Vasudhaiva Kutumbakam


Vasudhaiva Kutumbakam, the world is a family…these are not mere words. Our culture, by ‘our’ I mean the universal culture of the world, did not discriminate on the basis of religion, birth, caste, social status or geography. The distinction was made between the civilized and uncivilized; in vedic parlance, between surs and asurs respectively. Those who helped Creation and lived for others were termed as surs and those who lived for themselves and did nothing for Creation were called asurs.

Consider this, Creation emerged from the thought of Creator, Lord Brahma. Rishi Pulastya was born of Lord Brahma, as was Rishi Marichi. Pulastya’s son Rishi Vishrava fathered Ravan. Marichi’s son was Rishi Kashyap who fathered Vivasvan (the Sun God). From Vivasvan came Manu, the first human being of 7th Manvantara, who gave birth to Ikshvaku from whom started the Ikshvaku Dynasty, in whose line was born Lord Ram. Lord Ram and Ravan were thus distant cousins.

Lord Ram annihilated Ravan because he tread on the path of adharma, guided by his asuric vritti. The same Ravan had earlier been released from the captivity of Sahastra Arjun by the previous incarnation of Lord Vishnu, Parshurama, for he was a good ruler and a learned scholar. His downfall began when he broke the conduct of dharma and disrespected a woman, Vedavati and later abducted Goddess Sita.

Vedavati was the daughter of Rishi Kusadhvaia, who was the son of Brihaspati, Guru of devas. She was well versed in the Vedas and performed great penance to win Lord Vishnu as her husband. She was extremely beautiful and the glow of her sadhna bestowed her with phenomenal attraction. Ravan was once passing by her hermitage and was arrested by her beauty and glow. Overcome by desire, he proposed to her. Vedavati rejected his proposition and explained that she was devoted to Lord Vishnu. With a hurt ego, Ravan mocked at her and her penance and grabbed her by the hair. Vedavati then cut off her hair and pledged to immolate herself. Before entering fire, she prophesied that since Ravan had insulted her, she will be born again to destroy him. It was Vedavati who was born as Goddess Sita, the consort of Lord Ram, avatar of Lord Vishnu, who became the cause of Ravan’s end.

We are all one. We have emerged from the same source. Our culture divides on the basis of asuric and suric vritti, those who destroy and protect creation. The ones who kill the innocent, abuse animals, spread terror, destroy nature’s resources and pollute the environment for selfish gains are the asurs. The ones who protect the weak, take care of injured and abandoned animals, feed the poor, educate the underprivileged, cleanse and purify the environment and conserve nature’s resources are the surs.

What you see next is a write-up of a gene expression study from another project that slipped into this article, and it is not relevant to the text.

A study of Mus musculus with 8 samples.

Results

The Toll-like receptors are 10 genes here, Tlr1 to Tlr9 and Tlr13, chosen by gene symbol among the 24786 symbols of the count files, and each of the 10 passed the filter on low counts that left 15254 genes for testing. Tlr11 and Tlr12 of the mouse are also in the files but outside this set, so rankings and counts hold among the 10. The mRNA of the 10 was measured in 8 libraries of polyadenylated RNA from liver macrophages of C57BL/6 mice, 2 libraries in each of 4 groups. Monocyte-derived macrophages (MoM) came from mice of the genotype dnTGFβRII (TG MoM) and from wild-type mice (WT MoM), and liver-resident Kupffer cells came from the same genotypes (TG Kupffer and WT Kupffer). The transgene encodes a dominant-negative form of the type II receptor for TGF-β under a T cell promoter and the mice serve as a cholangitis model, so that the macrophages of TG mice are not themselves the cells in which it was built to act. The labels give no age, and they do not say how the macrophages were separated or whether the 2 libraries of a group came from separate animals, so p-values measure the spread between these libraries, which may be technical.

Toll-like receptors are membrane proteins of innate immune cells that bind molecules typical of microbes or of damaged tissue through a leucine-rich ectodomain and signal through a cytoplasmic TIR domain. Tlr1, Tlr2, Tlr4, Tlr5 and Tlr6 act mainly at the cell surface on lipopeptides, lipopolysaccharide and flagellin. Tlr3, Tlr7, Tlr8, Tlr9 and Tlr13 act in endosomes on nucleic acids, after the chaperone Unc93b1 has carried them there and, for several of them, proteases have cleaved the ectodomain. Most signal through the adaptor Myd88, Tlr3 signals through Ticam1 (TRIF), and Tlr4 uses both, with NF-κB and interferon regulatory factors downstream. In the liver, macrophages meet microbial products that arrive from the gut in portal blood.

For the balance to be maintained in Creation, both surs and asurs are essential. And surs and asurs can be found across religions, faiths, geographies and even in the same family. For example, if you are performing a yagya, there will be plenty around who will try to prevent you from doing it, it is a basic clash of suric and asuric vritti. Or if you put out food for stray and injured animals, there might be neighbors who stone and pelt the animals or put away the food – again a clash of the suric and asuric vritti. The clash between the surs and asurs has been since time immemorial, and clash is based on karmas, not religion or region or birth.

People with asuric vritti normally go to hell and bear immense pain there (you may read my article on hell, for more details). Next they take birth in a lower dimension and bear pain again. This is a purification process for them, as what you do, you also have to counter balance it with the opposite of it. No matter how good you think you are, when you are doing a negative karma, you have to bear its consequences, that is, purification.

Karmas are ranked both negative and positive. In the first category, those which attract the maximum punishment are disrespect to the Guru, hurting the weak and turning your face away when you see weaker animals or humans being harmed. Those, which bring the maximum gain, are the opposite of the above.